Ginjo Beer or Sake-Yeast Beer
This is the description of how the Ginjo Beer or Sake-Yeast Beer style of beer should taste, feel and look. However, there may be perfectly fine beers in this style that fall outside of these ranges and descriptions. This information is just to show the most commonly accepted ranges for the Ginjo Beer or Sake-Yeast Beer beer style.
High carbonation should be present.
- Color: Pale to dark brown
- Body: Varies depending on original gravity. Mouthfeel also varies.
- Malt Flavors & Aromas: Very low to medium
- Hop Flavors & Aromas: Low to medium and in harmony with sake-like character
- IBUs/Bitterness: Low to medium and in harmony with sake-like character
- Fermentation Characteristics: These beers are brewed with sake yeast or sake (koji) enzymes. The unique byproducts of sake yeast and/or koji enzymes should be distinctive and in harmony with other elements. Sake character may best be described as having mild fruitiness and mild earthiness, with mushroom and/or an umami protein-like character. A high amount of alcohol may be evident.
Brewing Properties of Ginjo Beer or Sake-Yeast Beer
These are the functional brewing properties of Ginjo Beer or Sake-Yeast Beer beers, as descided by the Brewers Association. These guidelines reflect, as accurately as possible, the historical significance, authenticity or a common profile in the current commercial beer market.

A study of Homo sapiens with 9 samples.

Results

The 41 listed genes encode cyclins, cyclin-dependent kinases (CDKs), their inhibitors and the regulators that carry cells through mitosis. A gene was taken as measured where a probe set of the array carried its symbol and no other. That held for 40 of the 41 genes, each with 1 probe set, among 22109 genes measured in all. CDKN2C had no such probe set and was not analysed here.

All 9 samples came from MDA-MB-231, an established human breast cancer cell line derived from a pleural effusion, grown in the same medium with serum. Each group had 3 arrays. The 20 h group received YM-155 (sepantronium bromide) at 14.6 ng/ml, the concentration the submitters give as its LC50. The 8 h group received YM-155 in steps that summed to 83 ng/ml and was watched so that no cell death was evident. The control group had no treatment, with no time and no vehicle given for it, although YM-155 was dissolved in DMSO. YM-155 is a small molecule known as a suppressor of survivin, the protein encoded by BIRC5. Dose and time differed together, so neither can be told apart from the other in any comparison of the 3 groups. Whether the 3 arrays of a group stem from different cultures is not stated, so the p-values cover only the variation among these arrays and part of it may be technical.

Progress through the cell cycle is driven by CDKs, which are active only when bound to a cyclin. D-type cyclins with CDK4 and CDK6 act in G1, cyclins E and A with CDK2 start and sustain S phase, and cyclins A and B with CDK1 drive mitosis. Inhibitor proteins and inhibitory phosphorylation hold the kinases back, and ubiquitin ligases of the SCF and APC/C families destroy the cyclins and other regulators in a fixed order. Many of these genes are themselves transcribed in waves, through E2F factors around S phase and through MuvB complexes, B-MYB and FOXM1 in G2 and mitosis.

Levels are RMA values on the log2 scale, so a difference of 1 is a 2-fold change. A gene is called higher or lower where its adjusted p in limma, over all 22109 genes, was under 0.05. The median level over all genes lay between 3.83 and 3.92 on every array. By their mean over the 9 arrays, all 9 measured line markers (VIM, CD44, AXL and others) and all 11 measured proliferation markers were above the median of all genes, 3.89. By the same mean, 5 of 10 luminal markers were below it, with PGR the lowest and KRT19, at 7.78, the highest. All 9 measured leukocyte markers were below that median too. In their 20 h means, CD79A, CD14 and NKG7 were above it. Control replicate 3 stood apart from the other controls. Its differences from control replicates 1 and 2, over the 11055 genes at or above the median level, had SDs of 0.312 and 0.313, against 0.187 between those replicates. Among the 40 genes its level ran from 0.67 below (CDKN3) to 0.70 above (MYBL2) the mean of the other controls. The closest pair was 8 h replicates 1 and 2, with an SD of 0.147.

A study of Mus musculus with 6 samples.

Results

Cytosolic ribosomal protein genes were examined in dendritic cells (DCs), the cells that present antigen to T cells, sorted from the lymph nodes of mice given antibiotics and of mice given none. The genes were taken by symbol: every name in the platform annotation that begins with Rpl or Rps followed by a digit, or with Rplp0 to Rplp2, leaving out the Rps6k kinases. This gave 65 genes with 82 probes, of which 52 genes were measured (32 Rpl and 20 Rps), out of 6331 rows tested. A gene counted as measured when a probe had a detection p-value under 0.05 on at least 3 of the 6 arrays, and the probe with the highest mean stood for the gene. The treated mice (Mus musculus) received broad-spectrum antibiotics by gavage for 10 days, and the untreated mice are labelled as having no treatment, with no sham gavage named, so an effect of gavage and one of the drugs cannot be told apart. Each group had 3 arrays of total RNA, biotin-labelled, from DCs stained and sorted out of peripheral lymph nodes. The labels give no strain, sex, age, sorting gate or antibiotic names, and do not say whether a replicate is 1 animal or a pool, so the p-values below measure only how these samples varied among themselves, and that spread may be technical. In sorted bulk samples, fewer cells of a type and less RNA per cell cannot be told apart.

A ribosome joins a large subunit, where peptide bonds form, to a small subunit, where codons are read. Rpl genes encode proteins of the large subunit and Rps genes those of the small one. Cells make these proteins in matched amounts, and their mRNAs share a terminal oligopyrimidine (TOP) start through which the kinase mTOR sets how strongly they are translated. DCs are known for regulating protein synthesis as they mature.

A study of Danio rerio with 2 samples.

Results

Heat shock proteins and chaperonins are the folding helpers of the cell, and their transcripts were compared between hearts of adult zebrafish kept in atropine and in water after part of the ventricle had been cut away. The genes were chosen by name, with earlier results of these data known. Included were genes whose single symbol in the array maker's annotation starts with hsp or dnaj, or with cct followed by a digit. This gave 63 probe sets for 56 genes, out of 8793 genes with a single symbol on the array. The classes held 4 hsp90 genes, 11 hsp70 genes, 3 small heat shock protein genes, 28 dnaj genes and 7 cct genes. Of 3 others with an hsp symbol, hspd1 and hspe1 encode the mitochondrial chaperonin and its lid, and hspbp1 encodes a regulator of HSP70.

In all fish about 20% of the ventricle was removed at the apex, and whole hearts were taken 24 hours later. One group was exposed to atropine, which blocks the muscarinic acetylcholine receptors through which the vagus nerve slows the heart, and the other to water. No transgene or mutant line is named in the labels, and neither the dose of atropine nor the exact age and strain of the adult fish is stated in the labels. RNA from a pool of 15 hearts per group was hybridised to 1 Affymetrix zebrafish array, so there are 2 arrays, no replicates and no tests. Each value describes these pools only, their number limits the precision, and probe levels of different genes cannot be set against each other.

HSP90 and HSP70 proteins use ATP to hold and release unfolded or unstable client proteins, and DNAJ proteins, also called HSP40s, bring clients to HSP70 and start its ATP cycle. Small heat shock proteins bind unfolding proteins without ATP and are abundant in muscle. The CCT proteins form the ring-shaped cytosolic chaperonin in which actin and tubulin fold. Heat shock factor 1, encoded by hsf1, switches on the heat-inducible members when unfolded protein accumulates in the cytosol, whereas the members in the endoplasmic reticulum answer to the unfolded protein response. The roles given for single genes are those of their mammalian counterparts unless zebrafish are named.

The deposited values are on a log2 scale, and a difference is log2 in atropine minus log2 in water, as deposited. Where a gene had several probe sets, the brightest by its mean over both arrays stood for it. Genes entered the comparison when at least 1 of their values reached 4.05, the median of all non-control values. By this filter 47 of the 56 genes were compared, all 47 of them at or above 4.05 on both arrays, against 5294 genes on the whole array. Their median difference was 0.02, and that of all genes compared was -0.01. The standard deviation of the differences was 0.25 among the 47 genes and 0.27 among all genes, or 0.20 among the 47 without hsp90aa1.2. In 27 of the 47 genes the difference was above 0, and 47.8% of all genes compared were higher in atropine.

The alcohol by volume is shows the amount of alcohol this style of beer should have.
|4.3 - 10.2%|
The International Bittering Units (IBU) scale is used to approximately quantify the actual (not perceived) bitterness of beer.
|12 - 35 IBUs||SRM
SRM is a scale for measuring the color intensity of a beer. Low SRM grains impart a pale straw color while higher values mean it will add a darker color to the wort. Learn more »
–4 - 20 SRM
(8 - 39 EBC)
Original Gravity (OG) is a measure of the sugar content in the wort before alcoholic fermentation has started to produce the beer.
|1.040 - 1.090|
The Final Gravity (FG) is how much sugar is left over in the beer when fermentation is complete.
|1.008 - 1.020|
If you see an error in our data, please let us know!
Based on Brewers Association 2020 Beer Style Guidelines with changes. Used with permission of Brewers Association.